By Jeffrey Sterling, MD November 15, 2018

hottubfolliculitis_20 Folliculitis
Follulicitis. You know it well as hot tub rash, barber bumps, ingrown hairs and many other names. The first thing you need to know is the ‘itis’ means inflammation, and the follicle is the pouch from which your hair grows. Any inflammation of that area is folliculitis. You’ll typically see white-headed pimples with or without itching, pain and redness. So what? Let’s quickly run through causes, problems, prevention and treatment.
Causes

  • It’s usually caused by microorganisms (usually bacteria, including Staph and others, but also yeast, fungi and viruses may do the same).
  • Blocking skin pores will also get you there (think heavy application of make-up or oils, or heavy sweating in tight spandex-type clothing).
  • External irritation can be a cause (think long-term topical steroid use, tight clothing, untreated scratches or lacerations, improperly chlorinated hot tubs, whirlpools or swimming pools).

Problems
It’s inflammation that most commonly is an infection. The irritation can progress to a skin infection (cellulitis) and/or a boil (abscess). These can range from annoyances to ‘not-fun’ to outright problematic, particularly if you’re diabetic, have HIV or otherwise have a compromised immune system.
Prevention
I’m just going to give you a list of healthy hygiene tips that will serve you well in many circumstances, including prevention of folliculitis.

  • Use antimicrobial soap.
  • Don’t share towels, and avoid using the same towel multiple times (Sorry, hotel chains!).
  • Shower immediately after getting out of the swimming pool, whirlpool or hot tub.
  • Don’t shave (and avoid otherwise irritating) areas where razor bumps exist.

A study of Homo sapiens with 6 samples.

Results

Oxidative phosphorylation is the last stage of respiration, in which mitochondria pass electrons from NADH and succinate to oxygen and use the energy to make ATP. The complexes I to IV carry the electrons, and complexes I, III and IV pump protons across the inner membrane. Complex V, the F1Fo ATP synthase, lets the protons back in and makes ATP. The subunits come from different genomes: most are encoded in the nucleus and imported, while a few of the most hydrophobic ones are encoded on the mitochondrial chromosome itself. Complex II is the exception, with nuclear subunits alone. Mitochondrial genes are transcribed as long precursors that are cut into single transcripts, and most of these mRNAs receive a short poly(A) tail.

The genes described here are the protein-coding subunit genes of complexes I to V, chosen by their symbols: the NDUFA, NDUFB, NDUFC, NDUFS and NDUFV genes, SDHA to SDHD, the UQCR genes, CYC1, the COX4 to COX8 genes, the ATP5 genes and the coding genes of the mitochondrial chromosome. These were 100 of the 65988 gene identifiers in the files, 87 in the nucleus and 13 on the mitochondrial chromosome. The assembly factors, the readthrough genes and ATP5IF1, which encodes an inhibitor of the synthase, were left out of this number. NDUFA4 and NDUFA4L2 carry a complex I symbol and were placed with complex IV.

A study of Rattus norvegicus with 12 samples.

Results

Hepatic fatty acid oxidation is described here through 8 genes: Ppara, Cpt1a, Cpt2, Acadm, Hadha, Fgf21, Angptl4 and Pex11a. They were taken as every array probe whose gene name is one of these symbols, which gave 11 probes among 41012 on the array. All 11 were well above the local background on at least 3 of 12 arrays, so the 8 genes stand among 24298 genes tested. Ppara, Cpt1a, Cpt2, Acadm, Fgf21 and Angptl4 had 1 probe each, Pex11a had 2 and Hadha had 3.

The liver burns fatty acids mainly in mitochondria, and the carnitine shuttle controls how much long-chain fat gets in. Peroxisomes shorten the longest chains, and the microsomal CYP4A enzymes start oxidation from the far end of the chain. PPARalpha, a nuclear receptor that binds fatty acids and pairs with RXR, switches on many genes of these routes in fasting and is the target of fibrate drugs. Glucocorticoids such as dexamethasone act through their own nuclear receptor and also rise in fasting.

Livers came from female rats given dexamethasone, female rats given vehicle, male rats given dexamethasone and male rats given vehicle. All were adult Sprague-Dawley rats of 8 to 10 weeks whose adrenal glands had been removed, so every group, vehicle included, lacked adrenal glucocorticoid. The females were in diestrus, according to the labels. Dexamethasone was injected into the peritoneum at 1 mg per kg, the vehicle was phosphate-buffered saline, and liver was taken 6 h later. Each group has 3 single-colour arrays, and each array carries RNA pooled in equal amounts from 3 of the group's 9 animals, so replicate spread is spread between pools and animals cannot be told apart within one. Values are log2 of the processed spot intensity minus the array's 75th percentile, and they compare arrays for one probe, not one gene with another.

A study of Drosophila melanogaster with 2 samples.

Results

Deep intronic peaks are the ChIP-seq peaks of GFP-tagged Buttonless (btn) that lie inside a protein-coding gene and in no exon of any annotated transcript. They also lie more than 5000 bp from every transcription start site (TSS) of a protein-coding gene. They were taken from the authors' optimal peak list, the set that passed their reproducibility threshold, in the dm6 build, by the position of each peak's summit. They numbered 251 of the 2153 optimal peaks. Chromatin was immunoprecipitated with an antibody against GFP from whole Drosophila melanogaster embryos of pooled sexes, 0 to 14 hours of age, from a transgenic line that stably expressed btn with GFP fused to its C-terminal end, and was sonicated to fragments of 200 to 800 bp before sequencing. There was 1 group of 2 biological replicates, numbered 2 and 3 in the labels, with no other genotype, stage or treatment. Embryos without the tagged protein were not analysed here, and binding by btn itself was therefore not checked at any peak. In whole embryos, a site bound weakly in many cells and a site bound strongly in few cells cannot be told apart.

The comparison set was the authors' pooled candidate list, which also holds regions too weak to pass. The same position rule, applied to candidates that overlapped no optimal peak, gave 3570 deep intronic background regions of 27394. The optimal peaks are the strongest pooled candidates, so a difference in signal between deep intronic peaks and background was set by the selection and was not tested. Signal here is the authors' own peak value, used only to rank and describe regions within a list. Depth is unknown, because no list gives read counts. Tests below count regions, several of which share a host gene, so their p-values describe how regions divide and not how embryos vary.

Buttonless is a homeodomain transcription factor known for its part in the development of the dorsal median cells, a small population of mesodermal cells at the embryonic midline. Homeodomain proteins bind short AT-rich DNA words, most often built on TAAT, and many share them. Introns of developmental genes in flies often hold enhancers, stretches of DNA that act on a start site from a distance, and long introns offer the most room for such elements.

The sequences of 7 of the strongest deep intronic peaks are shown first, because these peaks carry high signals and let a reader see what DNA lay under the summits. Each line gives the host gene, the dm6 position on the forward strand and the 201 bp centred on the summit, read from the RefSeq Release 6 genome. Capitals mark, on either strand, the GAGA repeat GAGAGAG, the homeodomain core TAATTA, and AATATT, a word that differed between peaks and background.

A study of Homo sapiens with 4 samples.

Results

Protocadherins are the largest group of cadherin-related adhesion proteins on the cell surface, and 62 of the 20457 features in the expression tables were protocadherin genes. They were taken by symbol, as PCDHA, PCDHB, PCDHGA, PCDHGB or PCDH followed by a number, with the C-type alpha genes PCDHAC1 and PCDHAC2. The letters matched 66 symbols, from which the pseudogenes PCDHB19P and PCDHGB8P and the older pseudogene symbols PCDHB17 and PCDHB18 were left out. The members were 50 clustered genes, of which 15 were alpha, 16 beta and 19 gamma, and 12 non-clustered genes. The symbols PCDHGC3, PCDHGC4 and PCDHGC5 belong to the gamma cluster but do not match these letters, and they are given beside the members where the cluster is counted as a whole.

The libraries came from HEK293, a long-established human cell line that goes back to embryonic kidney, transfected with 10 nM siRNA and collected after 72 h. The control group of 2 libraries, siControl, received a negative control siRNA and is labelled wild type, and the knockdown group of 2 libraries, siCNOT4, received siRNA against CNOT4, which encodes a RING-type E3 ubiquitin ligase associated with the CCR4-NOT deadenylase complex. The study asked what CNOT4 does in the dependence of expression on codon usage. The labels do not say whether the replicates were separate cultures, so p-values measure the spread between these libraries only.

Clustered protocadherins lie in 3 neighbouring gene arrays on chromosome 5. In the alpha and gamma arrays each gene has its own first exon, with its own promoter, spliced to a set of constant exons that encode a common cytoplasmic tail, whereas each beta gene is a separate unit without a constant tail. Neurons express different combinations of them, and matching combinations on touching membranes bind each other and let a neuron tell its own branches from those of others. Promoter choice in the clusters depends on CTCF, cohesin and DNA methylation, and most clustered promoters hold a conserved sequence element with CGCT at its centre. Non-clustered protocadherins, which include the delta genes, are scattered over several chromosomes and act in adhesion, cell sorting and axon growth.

• Be moderate with application of lotions, makeups and other moisturizers.

Treatment
Most cases of folliculitis, whether an inflammation or an infection, resolve in 1-2 weeks, assuming you don’t further irritate it to the point where an substantial skin infection sets in. Consider the following a treatment progression for the overwhelming majority of cases; cases more severe (or any you may be concerned with) require consultation with your individual physician.

  • Warm compresses (clean, hot towels) to the area do a world of good.
  • Wash with antimicrobial soap, and consider using medicated shampoo, particularly if the discomfort is on the scalp and/or beard.
  • Your physician may consider topical or oral antibiotics if the situation warrants or worsens. That means you need to be alert for spreading of the bumps, fever, drainage or worsening of pain, swelling or redness.

Good luck, and I welcome your questions or comments.

  1. I’ve been wondering about folliculitis. An MD told us it is what our 15yr old has several years ago as puberty set in. It still has nkt gone away and it only disappears when he goes swimming or takes a tub bath with a 1/4 c. Bleach. Does this sound characteristic of folliculitis?

    1. Hi, LaShaundra. Interesting presentation. Based on what you’re describing (particularly with the recurrences – you never did say where the rash was), it might be prudent to have some scrapings done and sent for culture. The correlation with puberty suggests hormonal causes of rash (acne vulgaris comes to mind). The disappearance after chlorine exposure brings a few additional considerations into play that a culture would identify. Folliculitis is very easily treated, as I’ve discussed. Unless the child is especially hairy and prone to ingrown hairs, I’d start looking elsewhere. Thanks for your question and following Straight, No Chaser.

      1. Thanks Doc. And it would help, huh!! Lol he is very hairy, back, chest, stomach, upper arms and upper buttocks. They did scrape the rash and folliculitis is all the answer we got. Since it has been so many uears now and this kid hates creams, I think its time to seek another MDs opinion. The worst part about it for me, is that he is a growing young man and the rash leaves behind dark scars. Seems like a revolving door. As always, thank you.

  2. I have those large bumps or blisters on my head that is in the picture. I have gone to the dermatologist spent lots of money, they ran test as well as tried removing one from my head and it grew back along with the rest of them. My hair is soft a somewhat curly. I am a black young adult who is very upset with these things in my head that itches as well, Whatever you can advised me to do I will be thankful.